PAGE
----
October 11, 2002 Leave a comment Go to comments

whiteoleanderOriginal Review by Jonathan Broxton

I’m getting rather frustrated with Thomas Newman. How many times is he going to rehash the American Beauty sound before it becomes even more tired than it already is? In many ways, Thomas Newman is becoming the James Horner of the 2000s; a supremely talented composer whose work in the full orchestral arena is as good as anything being written today (The Shawshank Redemption, Little Women, Meet Joe Black). But, and at the risk of sounding cruel, he seems to be getting lazy, and is quite prepared to rehash his old works, whether it is at his director’s behest, or because of his own current obsession with sound design over melody. To paraphrase the Old Testament of the bible, American Beauty beget Erin Brockovich, beget Pay It Forward, beget In The Bedroom, and now beget White Oleander.

White Oleander is the new film from acclaimed British director Peter Kosminsky based on the novel by Janet Fitch, and stars young Alison Lohman as Astrid Magnussen, 12-year old girl whose life is turned upside-down when her free-spirited mother Ingrid (Michelle Pfeiffer) murders her lover Barry (Billy Connolly) with the poison from a while oleander flower after he ruins her life, and is sentenced to life in prison. Dodging from foster home to foster home, Astrid quickly learns life’s harshest lessons, from sex to drugs to love and religion, while all the time receiving support and guidance from her incarcerated guardian. The supporting cast includes Renee Zellweger and Robin Wright Penn.

To give him his due, Newman has provided White Oleander with a score which is highly appropriate, and which convincingly conveys the sense of quiet, barely-hidden desperation suffered by these three women. In addition to this, he has bookended his score with two soft piano themes, backed by a synthesizer pedal, which are by most standards very nice indeed. It’s just that the other seventeen tracks are, by and large, totally uninteresting, almost to the point of boredom. There is little to stir the senses, other than a few brief moments of instrumental innovation – Mike Fisher’s atmospheric, vaguely American Indian glass tones of ‘Not My Type’, ‘Broken People’ and ‘Claire’; Steve Kujala’s ethnic flutes in ‘Dürer Rabbit’ and ‘Fire Season’; the twinkly piano chords in ‘Plain Denim Dress’; the eerie, Maurice Jarre style electronics of ‘Rena’, the appearance of the tabla in ‘Bullet’; the slightly more urgent percussion of ‘Uncle Ray’ and ‘Shadow Puppet’; and so on. We even get a proper string section in ‘Rollercoaster’. However, listing unusual instruments to pad out a review is only fun for a while.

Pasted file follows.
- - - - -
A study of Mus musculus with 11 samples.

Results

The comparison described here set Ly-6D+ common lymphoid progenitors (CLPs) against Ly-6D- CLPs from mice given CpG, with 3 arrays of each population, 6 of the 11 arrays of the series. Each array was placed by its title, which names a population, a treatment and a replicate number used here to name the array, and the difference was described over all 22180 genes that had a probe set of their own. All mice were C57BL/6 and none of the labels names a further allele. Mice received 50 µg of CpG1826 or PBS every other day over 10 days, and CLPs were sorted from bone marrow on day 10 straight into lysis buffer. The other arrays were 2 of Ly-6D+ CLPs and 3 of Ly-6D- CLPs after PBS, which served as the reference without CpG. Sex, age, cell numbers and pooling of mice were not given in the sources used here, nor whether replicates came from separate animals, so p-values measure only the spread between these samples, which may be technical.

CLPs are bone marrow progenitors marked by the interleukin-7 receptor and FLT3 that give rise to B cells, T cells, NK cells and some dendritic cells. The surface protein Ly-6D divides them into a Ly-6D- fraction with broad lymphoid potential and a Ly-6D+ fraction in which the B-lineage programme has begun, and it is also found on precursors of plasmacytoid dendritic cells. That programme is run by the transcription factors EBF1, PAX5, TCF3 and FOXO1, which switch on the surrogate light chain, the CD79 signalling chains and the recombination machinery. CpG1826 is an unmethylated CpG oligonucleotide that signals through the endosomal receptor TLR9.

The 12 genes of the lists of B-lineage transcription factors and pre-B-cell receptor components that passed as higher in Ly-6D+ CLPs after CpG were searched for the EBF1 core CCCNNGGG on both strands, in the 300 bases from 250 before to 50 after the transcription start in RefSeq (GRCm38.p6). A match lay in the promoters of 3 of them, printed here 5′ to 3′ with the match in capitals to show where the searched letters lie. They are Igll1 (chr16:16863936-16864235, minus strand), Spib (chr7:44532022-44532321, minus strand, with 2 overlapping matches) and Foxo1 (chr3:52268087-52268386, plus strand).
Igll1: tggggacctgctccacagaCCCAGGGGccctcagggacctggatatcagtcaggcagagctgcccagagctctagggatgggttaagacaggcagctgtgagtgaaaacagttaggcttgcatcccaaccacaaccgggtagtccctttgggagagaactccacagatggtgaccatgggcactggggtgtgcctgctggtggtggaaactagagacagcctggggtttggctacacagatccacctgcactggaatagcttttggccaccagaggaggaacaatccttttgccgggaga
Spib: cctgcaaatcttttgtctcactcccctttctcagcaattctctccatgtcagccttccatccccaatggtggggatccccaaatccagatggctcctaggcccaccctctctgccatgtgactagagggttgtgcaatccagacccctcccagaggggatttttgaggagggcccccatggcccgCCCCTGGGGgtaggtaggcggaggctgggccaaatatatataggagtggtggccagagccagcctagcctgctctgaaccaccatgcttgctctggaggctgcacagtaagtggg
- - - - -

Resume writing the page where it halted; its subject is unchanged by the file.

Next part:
The overall feeling I get from listening to White Oleander is, by and large, one of nothingness. It’s like listening to the air, to wind, or to the sounds of nature – and while these things are all lovely, and relaxing in their proper environment, I don’t especially want to listen to them on CD. Aside from the attractive opening and ending, and a few sparks of life in the intervening period, sadly there is very little to recommend otherwise. It’s a score which has very little innovation, very little life, and very little appeal.

Rating: **

Track Listing:

  • Oleander Theme (4:21)
  • Not My Type (2:29)
  • Starr (1:04)
  • Dürer Rabbit (1:24)
  • Meteor Shower (1:38)
  • Plain Denim Dress (2:25)
  • Broken People (1:53)
  • Fire Season (1:25)
  • Claire (1:15)
  • Rollercoaster (2:17)
  • Rena (1:02)
  • Milk Flowers (1:23)
  • La Puta del Diablo (1:26)
  • Bullet (0:49)
  • DMSO (2:20)
  • Uncle Ray (0:50)
  • Every Insult (1:11)
  • Shadow Puppet (1:59)
  • White Oleander (3:19)

Running Time: 34 minutes 30 seconds

Varése Sarabande VSD-6417 (2002)

Music composed and conducted by Thomas Newman. Orchestrations by Thomas Pasatieri. Featured musical soloists Rick Cox, Chas Smith, Steve Kujala, George Doering, Michael Fisher, George Budd, Steve Tavaglione, Nico Abondolo and Thomas Newman. Recorded and mixed by Joel Iwataki. Edited by Bill Bernstein. Mastered by Patricia Sullivan-Fourstar. Album produced by Thomas Newman and Bill Bernstein.